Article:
A vote to declare a fiscal emergency failed to pass at Tuesday night’s city council meeting in Redding.
The vote would have allowed for a public safety tax to be placed on the ballot in June.
Redding police chief Roger Moore says with a public safety tax, he'd be able to hire more public safety officers to address many of the issues residents are concerned about.
“We are up in robbery,” Moores said. “And we are definitely up in car thefts and larcenies and things like that. We have about 800 cars stolen a year here now.”
That works out to about 2 cars a day, Moore said.
And while other crimes are down, he says that number is unacceptable.
“So there are reasons that I do need more policemen to put special teams out there to combat these issues,” Moore said.
Redding resident Shannon Hicks spoke out in favor of the tax at Tuesday night’s meeting and says most people are already paying in one form or another.
“The question is do you want to pay through insurance claims and damage or out of pocket costs for for the theft and vandalism,” he said. “Or would you rather pay a small public safety sales tax?”
And hicks says downtown businesses are hit the hardest.
“We're already seeing business owners leave and citizens who are employed here pulling up stakes and going to other cities or leaving the state altogether,” he said.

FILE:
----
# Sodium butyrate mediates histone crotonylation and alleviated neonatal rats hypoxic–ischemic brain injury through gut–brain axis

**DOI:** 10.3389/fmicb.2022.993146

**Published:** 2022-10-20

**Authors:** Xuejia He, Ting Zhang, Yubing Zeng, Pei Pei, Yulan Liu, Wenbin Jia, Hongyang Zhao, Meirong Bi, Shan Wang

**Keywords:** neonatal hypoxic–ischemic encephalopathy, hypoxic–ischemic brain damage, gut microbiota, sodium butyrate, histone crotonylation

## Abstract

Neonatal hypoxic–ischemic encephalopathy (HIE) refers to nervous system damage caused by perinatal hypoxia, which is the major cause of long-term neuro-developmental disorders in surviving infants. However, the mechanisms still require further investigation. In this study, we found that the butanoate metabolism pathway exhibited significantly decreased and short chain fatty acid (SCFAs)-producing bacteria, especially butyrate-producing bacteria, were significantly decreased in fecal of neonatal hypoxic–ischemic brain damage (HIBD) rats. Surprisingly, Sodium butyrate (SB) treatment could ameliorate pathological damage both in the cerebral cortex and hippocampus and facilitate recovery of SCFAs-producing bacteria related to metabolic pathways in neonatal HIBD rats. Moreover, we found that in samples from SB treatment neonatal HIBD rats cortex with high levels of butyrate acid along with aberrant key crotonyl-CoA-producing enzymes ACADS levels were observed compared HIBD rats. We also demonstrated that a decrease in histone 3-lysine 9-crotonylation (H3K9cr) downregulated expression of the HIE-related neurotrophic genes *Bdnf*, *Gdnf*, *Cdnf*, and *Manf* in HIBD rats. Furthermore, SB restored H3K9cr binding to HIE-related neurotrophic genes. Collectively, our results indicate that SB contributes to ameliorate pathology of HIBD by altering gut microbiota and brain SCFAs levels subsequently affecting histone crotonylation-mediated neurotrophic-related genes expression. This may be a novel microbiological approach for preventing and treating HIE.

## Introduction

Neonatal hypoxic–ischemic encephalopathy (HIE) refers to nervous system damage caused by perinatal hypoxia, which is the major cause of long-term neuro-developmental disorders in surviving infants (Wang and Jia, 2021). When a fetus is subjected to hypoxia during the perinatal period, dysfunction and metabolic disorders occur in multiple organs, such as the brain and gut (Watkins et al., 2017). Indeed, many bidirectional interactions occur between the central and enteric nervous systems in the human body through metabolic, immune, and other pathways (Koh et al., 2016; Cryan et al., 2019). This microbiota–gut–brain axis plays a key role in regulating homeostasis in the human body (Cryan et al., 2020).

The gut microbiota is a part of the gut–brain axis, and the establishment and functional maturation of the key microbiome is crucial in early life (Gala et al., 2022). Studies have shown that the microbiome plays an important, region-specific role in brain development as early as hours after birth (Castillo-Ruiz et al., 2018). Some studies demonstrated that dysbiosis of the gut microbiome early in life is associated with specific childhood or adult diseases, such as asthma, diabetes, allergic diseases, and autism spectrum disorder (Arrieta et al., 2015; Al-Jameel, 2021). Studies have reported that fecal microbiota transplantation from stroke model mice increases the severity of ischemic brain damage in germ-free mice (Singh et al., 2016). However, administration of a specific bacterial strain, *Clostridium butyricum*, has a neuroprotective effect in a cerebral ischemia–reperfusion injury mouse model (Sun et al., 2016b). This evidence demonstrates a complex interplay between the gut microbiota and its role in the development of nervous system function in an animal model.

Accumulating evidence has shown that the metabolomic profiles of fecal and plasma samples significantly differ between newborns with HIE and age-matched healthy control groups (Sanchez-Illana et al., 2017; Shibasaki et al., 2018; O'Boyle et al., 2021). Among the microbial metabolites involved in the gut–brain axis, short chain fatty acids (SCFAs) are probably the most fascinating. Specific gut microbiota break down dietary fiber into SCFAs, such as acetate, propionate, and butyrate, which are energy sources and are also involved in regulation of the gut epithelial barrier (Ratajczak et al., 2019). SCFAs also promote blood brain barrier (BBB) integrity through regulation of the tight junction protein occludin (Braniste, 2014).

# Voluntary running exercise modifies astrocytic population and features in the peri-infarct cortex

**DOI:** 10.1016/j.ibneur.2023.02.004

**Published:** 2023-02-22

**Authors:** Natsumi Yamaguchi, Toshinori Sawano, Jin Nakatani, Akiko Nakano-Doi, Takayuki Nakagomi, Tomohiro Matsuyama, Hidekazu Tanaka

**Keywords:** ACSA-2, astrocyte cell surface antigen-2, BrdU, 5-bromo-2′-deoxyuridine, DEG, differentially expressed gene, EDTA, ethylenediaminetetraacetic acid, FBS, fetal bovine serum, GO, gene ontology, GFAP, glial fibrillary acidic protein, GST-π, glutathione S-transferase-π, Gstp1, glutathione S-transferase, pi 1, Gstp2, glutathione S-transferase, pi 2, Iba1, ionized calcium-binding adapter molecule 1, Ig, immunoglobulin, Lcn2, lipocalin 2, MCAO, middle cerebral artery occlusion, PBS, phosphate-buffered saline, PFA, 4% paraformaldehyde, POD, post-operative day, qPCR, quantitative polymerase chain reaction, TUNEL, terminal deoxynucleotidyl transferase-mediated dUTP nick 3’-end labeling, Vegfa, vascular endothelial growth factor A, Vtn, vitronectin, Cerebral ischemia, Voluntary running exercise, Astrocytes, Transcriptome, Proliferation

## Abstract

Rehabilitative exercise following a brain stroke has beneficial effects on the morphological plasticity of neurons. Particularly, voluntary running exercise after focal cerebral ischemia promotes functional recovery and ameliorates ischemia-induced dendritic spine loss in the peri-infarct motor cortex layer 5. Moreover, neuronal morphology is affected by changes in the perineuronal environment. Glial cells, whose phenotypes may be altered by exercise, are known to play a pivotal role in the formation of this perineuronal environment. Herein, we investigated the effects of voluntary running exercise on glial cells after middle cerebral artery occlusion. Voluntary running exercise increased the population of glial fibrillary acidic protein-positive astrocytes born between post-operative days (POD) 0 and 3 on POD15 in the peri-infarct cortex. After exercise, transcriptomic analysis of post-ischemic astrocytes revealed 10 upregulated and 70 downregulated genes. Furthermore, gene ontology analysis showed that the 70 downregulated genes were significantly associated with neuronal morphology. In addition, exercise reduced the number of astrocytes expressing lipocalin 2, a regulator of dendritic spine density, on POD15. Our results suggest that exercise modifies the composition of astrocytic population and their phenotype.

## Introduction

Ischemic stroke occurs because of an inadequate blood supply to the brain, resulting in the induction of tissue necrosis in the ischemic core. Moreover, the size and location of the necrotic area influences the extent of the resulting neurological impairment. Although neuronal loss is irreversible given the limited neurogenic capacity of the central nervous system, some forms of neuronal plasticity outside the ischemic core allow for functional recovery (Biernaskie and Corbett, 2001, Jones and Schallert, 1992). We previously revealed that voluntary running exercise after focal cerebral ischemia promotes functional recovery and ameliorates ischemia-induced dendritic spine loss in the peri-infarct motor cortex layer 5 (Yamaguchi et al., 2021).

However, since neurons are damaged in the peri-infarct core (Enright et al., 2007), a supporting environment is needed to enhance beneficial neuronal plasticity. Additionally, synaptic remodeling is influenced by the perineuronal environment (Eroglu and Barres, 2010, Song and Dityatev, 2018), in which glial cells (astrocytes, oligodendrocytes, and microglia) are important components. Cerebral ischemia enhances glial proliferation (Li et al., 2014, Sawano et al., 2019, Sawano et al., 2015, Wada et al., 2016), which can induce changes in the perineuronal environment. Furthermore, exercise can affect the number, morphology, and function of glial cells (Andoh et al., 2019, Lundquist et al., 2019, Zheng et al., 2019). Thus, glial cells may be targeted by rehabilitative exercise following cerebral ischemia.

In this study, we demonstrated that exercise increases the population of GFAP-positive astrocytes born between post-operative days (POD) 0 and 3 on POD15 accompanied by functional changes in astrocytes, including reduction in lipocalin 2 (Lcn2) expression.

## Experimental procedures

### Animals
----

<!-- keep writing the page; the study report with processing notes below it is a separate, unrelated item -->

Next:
Amanda Smith works downtown and says all of the issues Redding is facing are having a negative impact on businesses in the city.
“When someone looks at Redding, whether it's true or not, this is what they see,” she said. “They are seeing and being introduced to our face as being in the bottom 5 percent of safe cities”
She says the city really needs to work to improve public safety and change that image.
If not, it’ll lose more than just business.
“If we do not invest in our town, we will ultimately lose in property values, closing businesses and even walking on our beautiful trails,” Smith said.
Moore shared her sentiment.
“I certainly think we missed an opportunity for the time being to get our officers some help,” Moore said. “And that's what we need right now.”
A public safety tax could still make in onto the November ballot.
Moore says, while it’s not ideal, that could give him and the city extra time to educate the public on its importance.